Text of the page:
Should I Become a Viticulturist?
Viticulturists are experts in the scientific study of grapes and their production for wine and other foods and beverages. Viticulturists often work for vineyards and wine producers; they may also use their education and experience to become lab technicians or research scientists. They help implement practices that produce optimal quality and productivity for grape growing operations, including everything from planting to harvest, pest and disease control and identifying grape characteristics for winemaking. While grape growing is concentrated in certain regions, most notably California, viticulturists can work in every state and may travel to growing sites. Some danger may be involved in working with vineyard machinery, and long hours are required during harvest season.
Find schools that offer these popular programs
- Agronomy and Crop Science
- Horticultural Science
- Plant Breeding
- Plant Pest Management
- Range Science
|Degree Level||For technicians, an associate's degree or certificate; for scientists and managers, a bachelor's degree|
|Degree Field||Viticulture, horticulture, botany, agricultural science, biology, or chemistry|
|Experience||Related experience required by many employers|
|Licensing||Some positions may require licensing for application of pesticides or pest control advising|
|Key Skills||Analytical, critical thinking, and interpersonal skills, decision-making skills, ability to operate farm machinery and wine making equipment|
|Salary||$35,140 per year (median salary for all agricultural and food science technicians)|
Sources: U.S. Bureau of Labor Statistics; U.S. Environmental Protection Agency; Job listings from employers (October 2012).
Step 1: Complete a Postsecondary Program
Depending on their career goals, aspiring viticulturists have a number of educational options. Those interested in working as technicians, whether in a lab or at a vineyard, generally need to complete a 1-year certificate program or a 2-year associate's program. Those who want to work as lab scientists or move into vineyard management should earn a bachelor's degree, which typically requires four years of study. Some research scientists hold a doctoral degree.
Programs in viticulture (often combined with enology, the study of winemaking) provide the most directly relevant education. There are undergraduate and graduate certificates, as well as undergraduate and graduate degree programs in viticulture. Topics covered in these programs include the physiology of grapevines, stock selection and propagation, terroir, pest control, nutrition and irrigation, fruit and wine biochemistry, and vineyard management.
However, the number of viticulture programs is quite limited, especially at the bachelor's and graduate levels. Future viticulturists, especially those interested in research careers, could instead major in botany, horticulture, agricultural sciences, biology, or chemistry, taking any viticulture-related courses that are available.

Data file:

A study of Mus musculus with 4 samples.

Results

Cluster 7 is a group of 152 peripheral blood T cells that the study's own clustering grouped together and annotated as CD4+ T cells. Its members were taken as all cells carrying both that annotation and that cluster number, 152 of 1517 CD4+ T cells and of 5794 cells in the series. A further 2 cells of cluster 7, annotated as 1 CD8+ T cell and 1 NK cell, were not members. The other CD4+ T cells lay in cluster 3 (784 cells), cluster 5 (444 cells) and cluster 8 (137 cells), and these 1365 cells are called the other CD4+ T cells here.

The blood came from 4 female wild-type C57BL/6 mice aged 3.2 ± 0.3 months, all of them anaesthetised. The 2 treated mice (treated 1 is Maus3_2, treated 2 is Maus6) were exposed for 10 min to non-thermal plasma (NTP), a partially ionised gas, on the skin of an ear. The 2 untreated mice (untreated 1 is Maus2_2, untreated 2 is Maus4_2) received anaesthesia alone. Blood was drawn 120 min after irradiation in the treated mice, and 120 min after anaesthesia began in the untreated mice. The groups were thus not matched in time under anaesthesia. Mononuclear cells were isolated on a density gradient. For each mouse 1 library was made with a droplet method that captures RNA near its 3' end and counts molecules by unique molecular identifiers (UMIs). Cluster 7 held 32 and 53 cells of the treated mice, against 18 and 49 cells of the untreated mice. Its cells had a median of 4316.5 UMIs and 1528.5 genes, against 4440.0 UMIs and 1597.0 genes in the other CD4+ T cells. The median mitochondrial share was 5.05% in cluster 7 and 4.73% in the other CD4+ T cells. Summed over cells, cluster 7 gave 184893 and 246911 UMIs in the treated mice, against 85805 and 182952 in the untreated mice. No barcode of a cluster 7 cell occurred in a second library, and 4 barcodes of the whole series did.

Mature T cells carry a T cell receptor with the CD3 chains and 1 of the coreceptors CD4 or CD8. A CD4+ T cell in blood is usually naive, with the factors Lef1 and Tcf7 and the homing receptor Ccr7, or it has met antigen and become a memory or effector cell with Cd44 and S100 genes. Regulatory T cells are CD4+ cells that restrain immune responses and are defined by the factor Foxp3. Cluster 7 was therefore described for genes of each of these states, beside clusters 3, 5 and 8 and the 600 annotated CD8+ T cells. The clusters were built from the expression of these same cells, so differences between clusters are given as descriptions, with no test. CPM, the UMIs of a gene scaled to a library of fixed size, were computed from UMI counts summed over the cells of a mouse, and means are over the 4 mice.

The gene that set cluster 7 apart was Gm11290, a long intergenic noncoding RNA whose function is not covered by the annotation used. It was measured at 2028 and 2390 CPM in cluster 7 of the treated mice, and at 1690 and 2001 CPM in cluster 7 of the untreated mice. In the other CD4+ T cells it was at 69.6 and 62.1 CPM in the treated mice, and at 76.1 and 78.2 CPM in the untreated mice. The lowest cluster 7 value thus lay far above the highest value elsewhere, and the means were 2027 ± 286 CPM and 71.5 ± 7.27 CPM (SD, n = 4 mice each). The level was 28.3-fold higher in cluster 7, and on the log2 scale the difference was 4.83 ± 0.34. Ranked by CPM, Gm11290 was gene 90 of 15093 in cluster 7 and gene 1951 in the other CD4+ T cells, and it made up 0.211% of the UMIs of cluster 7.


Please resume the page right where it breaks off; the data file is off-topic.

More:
- Participate in an internship. Some schools maintain their own vineyards to provide hands-on experience, and many also offer internships. These kinds of opportunities can help students prepare for full-time work.
Step 2: Earn a Pesticide License
Viticulturists working in the field may need to apply pesticides in order to limit pest damage on grapes and vines. Many states require those who apply pesticides, and sometimes those who give advice on their use, to be licensed. For viticulturists, licensing categories may include private applicator or pest control advisor. Specific requirements vary by state, but licensing typically requires completion of a qualifying exam.
Step 3: Start Working in Viticulture
Depending on their education and experience levels, viticulturists may find employment in a range of settings. They may work for grape growers, wineries, and processors of raisins and table grapes. There are opportunities to work in labs, where scientists and the technicians who assist them take on a range of research and development projects.
They may seek improvements in vineyard management, harvest methods, the yield and quality of grapes, and regulatory compliance. Hands-on work can include pruning, irrigation, trellising, fertilization, pest control, and propagation. Managers may oversee the daily operations of vineyards and supervise staff members.
Step 4: Advance Your Career
Viticulturists can advance their career by acquiring experience working in the field, and pursuing further education. Developing strong skills in problem solving and innovative thinking is critical for working in upper level positions in this industry. A bachelor's degree will allow for advancement to higher positions like vineyard manager or acquiring the necessary skills to own and operate one's own vineyard. A master's degree or PhD is necessary for advancing to lead scientist positions or becoming a professor of viticulture and enology at a university.